The company workers held wild parties on the ship. Picture: A Current Affair
The company workers held wild parties on the ship. Picture: A Current Affair

Wild ‘bucks night’ ruins family cruise

A RELAXING cruise on the Voyager of the Seas became a trip from hell for Australian families when the ship was overtaken by a rowdy group of more than 1000 businessmen who held wild burlesque parties and filmed young passengers with their phones.

About 1300 workers from Indian tobacco company Kamla Pasand boarded the ship for a conference shortly after it left port during the September voyage, A Current Affair reported.

They took over the pool decks, bars and buffet, blocking other passengers from using the facilities and forcing them to seek refuge in other parts of the 3000-capacity ship.

 

The company workers held wild parties on the ship. Picture: A Current Affair
The company workers held wild parties on the ship. Picture: A Current Affair

 

They also brought their own food on board and took over the ship's outdoor screens, which played the tobacco company's videos.

They also brought on board burlesque dancers and women dressed as Playboy bunnies and held huge parties on the main deck.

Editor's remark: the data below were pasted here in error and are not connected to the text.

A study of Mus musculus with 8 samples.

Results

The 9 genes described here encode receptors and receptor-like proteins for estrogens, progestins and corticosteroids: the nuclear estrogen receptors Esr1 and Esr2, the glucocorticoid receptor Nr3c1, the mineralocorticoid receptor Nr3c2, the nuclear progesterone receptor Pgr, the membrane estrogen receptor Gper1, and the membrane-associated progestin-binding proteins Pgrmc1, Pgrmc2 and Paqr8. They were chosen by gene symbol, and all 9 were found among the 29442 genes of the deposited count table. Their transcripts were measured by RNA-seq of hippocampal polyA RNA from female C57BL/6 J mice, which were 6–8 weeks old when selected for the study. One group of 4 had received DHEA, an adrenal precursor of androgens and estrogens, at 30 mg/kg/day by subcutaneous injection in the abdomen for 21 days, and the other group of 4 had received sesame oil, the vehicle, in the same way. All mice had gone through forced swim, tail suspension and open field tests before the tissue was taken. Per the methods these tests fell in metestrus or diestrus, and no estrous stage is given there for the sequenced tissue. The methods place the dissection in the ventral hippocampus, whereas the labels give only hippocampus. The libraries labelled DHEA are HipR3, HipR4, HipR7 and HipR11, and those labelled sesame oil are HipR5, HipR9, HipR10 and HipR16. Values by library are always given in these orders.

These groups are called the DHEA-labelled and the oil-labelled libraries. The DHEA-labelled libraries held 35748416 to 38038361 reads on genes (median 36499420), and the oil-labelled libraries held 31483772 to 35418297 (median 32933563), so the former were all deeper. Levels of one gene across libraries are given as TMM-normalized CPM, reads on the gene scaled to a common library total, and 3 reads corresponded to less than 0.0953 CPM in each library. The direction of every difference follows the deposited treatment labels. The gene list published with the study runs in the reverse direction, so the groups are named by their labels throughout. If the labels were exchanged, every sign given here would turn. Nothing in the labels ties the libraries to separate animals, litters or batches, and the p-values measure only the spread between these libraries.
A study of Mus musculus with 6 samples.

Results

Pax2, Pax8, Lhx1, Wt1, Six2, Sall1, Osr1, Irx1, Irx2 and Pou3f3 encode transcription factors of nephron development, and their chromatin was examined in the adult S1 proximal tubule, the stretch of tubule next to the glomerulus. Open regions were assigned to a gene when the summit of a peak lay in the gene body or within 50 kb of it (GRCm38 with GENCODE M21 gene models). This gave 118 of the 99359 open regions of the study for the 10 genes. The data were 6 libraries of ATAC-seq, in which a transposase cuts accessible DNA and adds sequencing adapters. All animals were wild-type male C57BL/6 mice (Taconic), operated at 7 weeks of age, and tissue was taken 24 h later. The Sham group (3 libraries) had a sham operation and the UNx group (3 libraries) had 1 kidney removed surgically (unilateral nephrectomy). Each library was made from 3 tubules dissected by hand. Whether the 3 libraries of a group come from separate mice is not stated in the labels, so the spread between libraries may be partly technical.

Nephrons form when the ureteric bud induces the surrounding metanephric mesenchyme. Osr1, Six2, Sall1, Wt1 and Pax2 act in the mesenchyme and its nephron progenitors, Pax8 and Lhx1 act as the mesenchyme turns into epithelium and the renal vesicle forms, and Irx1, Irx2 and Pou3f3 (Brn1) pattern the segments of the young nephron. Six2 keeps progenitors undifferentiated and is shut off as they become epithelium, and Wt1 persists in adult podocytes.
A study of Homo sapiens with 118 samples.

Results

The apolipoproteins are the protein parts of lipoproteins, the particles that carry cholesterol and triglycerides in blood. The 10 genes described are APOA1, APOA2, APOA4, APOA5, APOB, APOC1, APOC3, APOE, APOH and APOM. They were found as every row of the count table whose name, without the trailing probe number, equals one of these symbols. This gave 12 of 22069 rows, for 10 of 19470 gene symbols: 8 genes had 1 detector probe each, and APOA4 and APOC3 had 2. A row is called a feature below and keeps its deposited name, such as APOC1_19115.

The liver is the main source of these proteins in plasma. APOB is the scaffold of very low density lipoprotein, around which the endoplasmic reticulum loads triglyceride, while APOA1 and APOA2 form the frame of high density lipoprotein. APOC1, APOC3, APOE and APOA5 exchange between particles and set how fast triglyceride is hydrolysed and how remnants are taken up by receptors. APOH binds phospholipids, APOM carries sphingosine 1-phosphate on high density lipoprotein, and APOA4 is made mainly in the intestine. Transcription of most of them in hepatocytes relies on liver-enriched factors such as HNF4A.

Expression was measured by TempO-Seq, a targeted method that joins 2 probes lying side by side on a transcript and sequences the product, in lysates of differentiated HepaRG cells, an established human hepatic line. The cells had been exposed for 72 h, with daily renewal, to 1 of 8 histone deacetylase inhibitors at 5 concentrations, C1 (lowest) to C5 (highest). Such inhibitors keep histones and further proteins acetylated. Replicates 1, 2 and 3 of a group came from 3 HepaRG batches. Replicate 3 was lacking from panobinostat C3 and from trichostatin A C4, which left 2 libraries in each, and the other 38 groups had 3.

"It was almost like a huge bucks party - a bucks night for 1200 people," Sydney passenger Cassandra Riini told A Current Affair.

 

There were 3000 people on the ship in total, with about 1300 of them workers from the tobacco company. Picture: A Current Affair
There were 3000 people on the ship in total, with about 1300 of them workers from the tobacco company. Picture: A Current Affair

 

"Their doors would be open and you would walk past and be like what am I going to be looking at when I walk past this door?"

The passenger said some of the men filmed her daughter and her friends with their phones.

"It is hard to forget after seeing all the flashbacks of these men around all the time, 24 hours a day, like we could not escape," she said.

 

Families were blocked from the ship's buffet and had to eat in other parts of the ship instead. Picture: A Current Affair
Families were blocked from the ship's buffet and had to eat in other parts of the ship instead. Picture: A Current Affair

 

NSW woman Christine Weyling said she was appalled by the antics of the businessmen on board and said Royal Caribbean should have notified passengers such a large group would be on their voyage.

"It was crazy … little Playboy bunny outfits, you know this is a family boat," she said.

 

Other passengers on the Voyager of the Seas were offered refunds. Picture: Supplied
Other passengers on the Voyager of the Seas were offered refunds. Picture: Supplied

 

"I think that they should have notified us that there was a big group that had been booked and had booked the pool deck out … everyone on that ship should have been notified."

Royal Caribbean International has investigated the complaints and issued full refunds to passengers.

News.com.au has approached Royal Caribbean Australia for comment.